Top 6 Myths About Children’s Health and Fitness

Every parent wants the best for their little boy or girl, and keeping them healthy is one of your biggest responsibilities. Among the many challenges of raising a child is the question of health and fitness. How much exercise should a child get? What type of physical activity is best? Should you make them do it even if they’re not interested? 

With the many different claims and opinions on these topics, it’s perfectly normal to be feeling confused. Parenthood is largely about arming yourself with plenty of love and patience, trying things out, and seeing what works. Having access to the right information helps immensely, though. 

Keep reading to discover some of the biggest myths when it comes to children and physical activity. Dispel these false beliefs and you’ll already be a step closer to keeping your little one happy and healthy.

Myth #1: Working out can stunt a child’s growth.

Not at all. Exercise actually has beneficial effects on your child’s bone growth and muscle strength. Even strength training, which is usually considered to negatively affect growth the most, can be done if it’s supervised by a professional. Older children can be taught to lift weights in a safe and age-appropriate manner that will be fun and engaging for them.

Myth #2: Children need to take part in organized sports.

While organized sports can be great as a form of exercise, your child doesn’t have to participate in them. Although they do have several positive aspects, like socializing with other players and having a coach to help them learn, some children are simply not into sports. 

If they prefer walking, running, visiting a cool local trampoline park, or doing another physical activity on their own, that’s fine too, as long as they don’t lead a completely sedentary lifestyle. These activities can be just as effective at keeping them healthy. 

Myth #3: Parents should make their children exercise.

Forcing children to exercise likely won’t be effective. While they may go along with it, if they see physical activity as punishment, they won’t develop a love for it. As soon as you loosen your grip, they’ll go back to their ways.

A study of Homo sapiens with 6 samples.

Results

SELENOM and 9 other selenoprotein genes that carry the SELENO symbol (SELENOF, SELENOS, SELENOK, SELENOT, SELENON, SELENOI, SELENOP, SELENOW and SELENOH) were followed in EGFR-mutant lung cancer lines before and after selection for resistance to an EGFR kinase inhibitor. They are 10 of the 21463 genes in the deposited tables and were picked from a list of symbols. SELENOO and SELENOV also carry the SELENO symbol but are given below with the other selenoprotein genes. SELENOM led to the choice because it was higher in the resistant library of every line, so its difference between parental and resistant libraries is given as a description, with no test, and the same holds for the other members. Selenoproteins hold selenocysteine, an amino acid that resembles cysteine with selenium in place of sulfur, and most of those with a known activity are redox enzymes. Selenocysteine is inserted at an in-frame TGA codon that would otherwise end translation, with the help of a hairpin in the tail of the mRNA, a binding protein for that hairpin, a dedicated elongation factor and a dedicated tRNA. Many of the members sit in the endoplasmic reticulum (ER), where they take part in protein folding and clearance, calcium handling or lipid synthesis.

Instead, make sure they’re having fun while exercising and frame it as a reward. One way to achieve this is to set a good example. For example, you can show them how enjoyable walking can be by going on a hike together and making a fantastic family outing out of it.

Myth #4: There’s no such thing as too much exercise.

Actually, children can get exhausted and overwhelmed if they do exercise that’s too vigorous for them. It’s important for their level of activity to be suitable for their age and fitness level. Instead, go for moderate-intensity workouts that are not too hard but still challenging enough.

Myth #5: An overweight child needs to go on a diet.

Restrictive dieting exemplified by crash diets is a bad idea at any age. Putting pressure on children by counting calories and obsessing about food choices can actually have far-reaching consequences on their mental health, leading to the development of eating disorders and body images issues. Instead, help your child lose weight by making small lifestyle changes, like eating balanced but tasty meals and doing fun workouts. . 

Myth #6: Children grow out of their obesity.

Research shows that overweight children often grow into overweight adults. Although you can’t change the genetic factors that contribute to obesity, establishing healthy habits while your children are young can help them maintain a healthy weight throughout their lives.